Heat | Class 7 Notes | Science | Chapter 4

Table of Contents


Heat is a form of energy that makes things feel hot or warm. When something is hot, it has a lot of heat energy, and when something is cold, it has less heat energy. Heat can move from a hot object to a cooler object, and this transfer of energy is what makes things feel hot or cold.

Free vector flat summer heat illustration with man sweating under the sun

Measuring Temperature:

Temperature is a measure of how hot or cold something is. We use a device called a thermometer to measure temperature. There are different types of thermometers, such as clinical thermometers used to measure body temperature, and laboratory thermometers used for other objects and substances.

Transfer of Heat:

Heat can be transferred in three ways: conduction, convection, and radiation. Conduction is the transfer of heat through a material, like when a metal spoon gets hot when placed in hot soup. Convection happens in liquids and gases, where heated molecules rise and cooler ones replace them. Radiation is the transfer of heat through electromagnetic energy waves, like the heat we get from the sun.

Absorption of Heat:

Different colors can absorb different amounts of heat. Dark colors, like black, absorb more heat, which is why we feel comfortable wearing them in winters. Light colors, on the other hand, reflect heat, making us feel comfortable wearing them in summers. Woolen clothes can trap air and prevent heat from escaping, keeping us warm in winter.

Difference Between Heat and Temperature:

Heat is the energy stored in an object, while temperature is a measure of how hot or cold that object is. Heat depends on factors like mass and material, while temperature is related to the kinetic energy of the object’s particles.


Radiation is the process through which we get heat energy from the sun. Unlike conduction and convection, radiation can travel through space and doesn’t require a medium for transmission.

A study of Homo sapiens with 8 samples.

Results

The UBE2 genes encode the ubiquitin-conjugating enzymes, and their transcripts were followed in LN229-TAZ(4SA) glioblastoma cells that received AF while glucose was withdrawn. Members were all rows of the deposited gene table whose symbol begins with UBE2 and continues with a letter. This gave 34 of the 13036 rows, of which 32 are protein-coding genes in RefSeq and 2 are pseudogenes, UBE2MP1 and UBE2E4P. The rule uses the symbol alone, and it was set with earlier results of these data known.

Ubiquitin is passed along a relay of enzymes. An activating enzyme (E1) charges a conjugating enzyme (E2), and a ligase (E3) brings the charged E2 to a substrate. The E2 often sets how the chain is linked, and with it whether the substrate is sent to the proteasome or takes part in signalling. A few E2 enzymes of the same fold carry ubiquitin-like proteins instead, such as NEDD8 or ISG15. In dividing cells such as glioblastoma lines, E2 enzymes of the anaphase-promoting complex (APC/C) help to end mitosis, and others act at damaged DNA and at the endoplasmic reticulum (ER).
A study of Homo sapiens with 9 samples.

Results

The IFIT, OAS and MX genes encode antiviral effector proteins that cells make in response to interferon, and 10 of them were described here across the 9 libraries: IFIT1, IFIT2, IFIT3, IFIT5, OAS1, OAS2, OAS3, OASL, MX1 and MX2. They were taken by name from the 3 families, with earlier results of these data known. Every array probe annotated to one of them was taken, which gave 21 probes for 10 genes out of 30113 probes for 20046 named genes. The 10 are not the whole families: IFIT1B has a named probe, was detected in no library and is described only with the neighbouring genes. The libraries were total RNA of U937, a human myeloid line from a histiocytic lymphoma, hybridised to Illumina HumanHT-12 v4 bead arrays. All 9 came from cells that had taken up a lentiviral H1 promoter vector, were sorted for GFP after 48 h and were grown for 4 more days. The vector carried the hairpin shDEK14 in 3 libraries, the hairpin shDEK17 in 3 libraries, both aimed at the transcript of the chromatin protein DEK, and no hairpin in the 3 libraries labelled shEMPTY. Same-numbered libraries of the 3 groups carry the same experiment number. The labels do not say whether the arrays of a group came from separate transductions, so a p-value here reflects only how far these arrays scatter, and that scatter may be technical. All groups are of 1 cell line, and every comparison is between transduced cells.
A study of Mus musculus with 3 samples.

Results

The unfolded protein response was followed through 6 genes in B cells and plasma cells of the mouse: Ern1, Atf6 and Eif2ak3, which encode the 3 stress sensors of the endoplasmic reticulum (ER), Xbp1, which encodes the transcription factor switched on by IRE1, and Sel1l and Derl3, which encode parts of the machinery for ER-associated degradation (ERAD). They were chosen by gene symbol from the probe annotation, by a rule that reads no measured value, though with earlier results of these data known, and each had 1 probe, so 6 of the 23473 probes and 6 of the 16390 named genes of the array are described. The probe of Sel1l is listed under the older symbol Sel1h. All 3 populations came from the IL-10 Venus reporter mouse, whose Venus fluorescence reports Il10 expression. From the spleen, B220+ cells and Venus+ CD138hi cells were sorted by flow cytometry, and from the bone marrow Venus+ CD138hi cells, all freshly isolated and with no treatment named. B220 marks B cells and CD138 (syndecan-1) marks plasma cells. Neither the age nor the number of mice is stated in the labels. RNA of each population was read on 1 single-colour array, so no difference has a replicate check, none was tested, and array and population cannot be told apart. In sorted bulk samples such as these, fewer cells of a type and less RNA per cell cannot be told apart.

Disadvantages of the Celsius Scale:

The Celsius scale can go below zero degrees Celsius, which can be a disadvantage in certain situations. Additionally, it doesn’t directly correspond to changes in the volume and pressure of gases.



Insulators of heat: Materials like wood and plastic are good examples of insulators of heat as they do not allow heat to transfer through them easily

(a) The hotness of an object is determined by its "temperature."

(b) Temperature of boiling water cannot be measured by a "clinical" thermometer.

(c) Temperature is measured in degree "Celsius" (°C).

(d) No medium is required for transfer of heat by the process of "radiation."

(e) A cold steel spoon is dipped in a cup of hot milk. Heat is transferred to its other end by the process of "conduction."

(f) Clothes of "dark" colours absorb more heat better than clothes of light colours

(i) Land breeze blows during (b) winter (ii) Sea breeze blows during (a) summer (iii) Dark-colored clothes are preferred during (c) day (iv) Light-colored clothes are preferred during (d) night

Wearing more layers of clothing during winter keeps us warmer because the air trapped between the layers acts as an insulator, preventing heat from escaping our body, whereas a single thick piece of clothing may not trap enough air and allow heat to dissipate more quickly.

In places of hot climate, painting the outer walls of houses white is advised because white reflects sunlight and heat. When sunlight falls on a white surface, it is mostly reflected back, rather than being absorbed. As a result, the white walls of houses do not absorb as much heat, keeping the interior cooler. This helps in reducing the amount of heat that enters the house, making it more comfortable and energy-efficient, especially during hot weather.

The temperature of the mixture will be (b) more than 50°C but less than 80°C.

To find the final temperature of the mixture, we can use the principle of the conservation of energy, which states that the total heat energy before the mixing is equal to the total heat energy after the mixing.